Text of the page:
Irish League legend David Jeffrey has urged the football authorities in Northern Ireland and Irish League clubs to see the bigger picture when making key decisions about the conclusion of the 2019/2020 season.
On March 13, football was called to a halt here due to the coronavirus pandemic. There has been a growing sense of frustration amongst supporters, players and managers that little progress has been made since by the Irish FA and Northern Ireland Football League (NIFL) about whether the current campaign will resume later this year or not and if so how that will happen.
Many feel self interest amongst clubs and a fear from those in influential positions to make tough calls is at the heart of the issue. Ballymena boss Jeffrey, speaking on his own behalf, says with regard to this season those in power have to consider that "enough is enough" adding that collective thinking from clubs is required.
He also suggests that the Championship's top two Portadown and Ballinamallard ought to be promoted with no relegation from the Irish Premiership.
"Of course football is really important but we need to see the bigger picture," says Jeffrey.
"People have to think of the practicalities and we maybe have to say enough is enough for this moment in time."
Respected throughout football, Jeffrey’s views carry weight. They also contain perspective given he is a senior social worker in Larne who through Covid-19 has been working with older people, people with physical disabilities and people with underlying health conditions.
"Maybe we should be looking to draw the line and think how do we make the very best of this situation," Jeffrey added.
“Clubs will have their own individual needs. I understand that but now is a time for all to think how can we meet our individual needs and collective needs for the good of the game and society as a whole.”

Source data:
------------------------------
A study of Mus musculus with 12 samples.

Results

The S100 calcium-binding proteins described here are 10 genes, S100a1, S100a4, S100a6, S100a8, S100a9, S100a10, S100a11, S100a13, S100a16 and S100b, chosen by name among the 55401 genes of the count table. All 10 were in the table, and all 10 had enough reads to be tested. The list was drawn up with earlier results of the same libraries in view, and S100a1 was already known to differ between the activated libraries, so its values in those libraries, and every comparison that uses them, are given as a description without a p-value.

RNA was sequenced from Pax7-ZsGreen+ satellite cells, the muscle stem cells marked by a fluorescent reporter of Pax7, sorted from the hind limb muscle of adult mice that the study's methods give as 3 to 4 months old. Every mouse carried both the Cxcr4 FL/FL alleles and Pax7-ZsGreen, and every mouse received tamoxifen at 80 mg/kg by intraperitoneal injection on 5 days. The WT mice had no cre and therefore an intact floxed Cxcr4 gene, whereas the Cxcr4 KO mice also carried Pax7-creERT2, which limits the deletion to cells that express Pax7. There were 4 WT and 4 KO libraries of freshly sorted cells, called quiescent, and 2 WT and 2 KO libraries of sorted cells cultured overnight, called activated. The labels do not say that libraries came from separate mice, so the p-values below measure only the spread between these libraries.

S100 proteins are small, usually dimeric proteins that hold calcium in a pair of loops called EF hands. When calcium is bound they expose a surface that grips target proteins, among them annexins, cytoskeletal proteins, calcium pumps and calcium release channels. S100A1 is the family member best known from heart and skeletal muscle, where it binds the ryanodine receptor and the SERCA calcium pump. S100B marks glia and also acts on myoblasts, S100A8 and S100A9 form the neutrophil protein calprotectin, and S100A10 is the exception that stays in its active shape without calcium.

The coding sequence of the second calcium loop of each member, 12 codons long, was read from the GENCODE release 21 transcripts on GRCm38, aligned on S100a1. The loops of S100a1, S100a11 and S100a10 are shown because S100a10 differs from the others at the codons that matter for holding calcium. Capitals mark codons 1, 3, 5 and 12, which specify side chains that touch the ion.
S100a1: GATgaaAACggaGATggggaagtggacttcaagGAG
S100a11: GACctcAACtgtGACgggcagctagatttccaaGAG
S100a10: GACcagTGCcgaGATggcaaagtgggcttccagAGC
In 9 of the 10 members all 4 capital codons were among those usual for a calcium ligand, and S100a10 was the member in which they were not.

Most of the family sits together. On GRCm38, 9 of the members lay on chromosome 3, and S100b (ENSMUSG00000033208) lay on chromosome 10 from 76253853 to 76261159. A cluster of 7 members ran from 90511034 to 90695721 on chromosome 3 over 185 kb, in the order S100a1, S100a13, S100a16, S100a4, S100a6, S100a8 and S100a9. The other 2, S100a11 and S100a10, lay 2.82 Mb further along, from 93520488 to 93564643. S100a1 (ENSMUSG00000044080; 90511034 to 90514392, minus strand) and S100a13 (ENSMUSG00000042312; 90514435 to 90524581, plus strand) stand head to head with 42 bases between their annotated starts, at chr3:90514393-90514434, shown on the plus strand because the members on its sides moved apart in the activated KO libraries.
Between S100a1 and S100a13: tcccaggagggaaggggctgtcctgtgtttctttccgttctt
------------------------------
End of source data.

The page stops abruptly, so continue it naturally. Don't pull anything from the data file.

The former Linfield boss adds: “This battle against Covid-19 is on a daily basis and one of the things we are being constantly reminded of in work is not getting Covid-19 fatigue and letting our guard down. We are very clear about our social distancing.
“If you transfer that across to the Irish League there are changing rooms not conducive at all to social distancing so do we put six players in the changing room at once and then let them go out and another six come in?
“Like many other people I haven’t seen my parents for eight weeks. It is hard but we have a professional and personal responsibility to do what is right.”
There is hope that the IFA and NIFL will provide clarity this week about what happens next in football here.
“At this moment in time we have to tell UEFA by May 25 what we are doing as a league. UEFA have said all leagues have to be finished by July 20. Do we honestly think as a part-time league we are going to be able to do that?” asks Jeffrey.
“The leagues that are able to proceed around Europe are those with ginormous financial backing and the ability to do testing.
“I am not telling administrators how to run the game but tough decisions have to be made. For me there is no relegation from the Premiership and you promote Portadown and Ballinamallard, who are the top two in the Championship.”
Jeffrey has previously talked about dividing UEFA prize money for European qualification throughout the league to help clubs struggling financially He points out: “We give the top three in the league the European places, then European money is divided out accordingly though not where everyone gets the same. There has to be some reward for teams who have done better than others. We should use the league placings. I say this even though we at Ballymena are two matches away from winning the Irish Cup and qualifying for the Europa League.”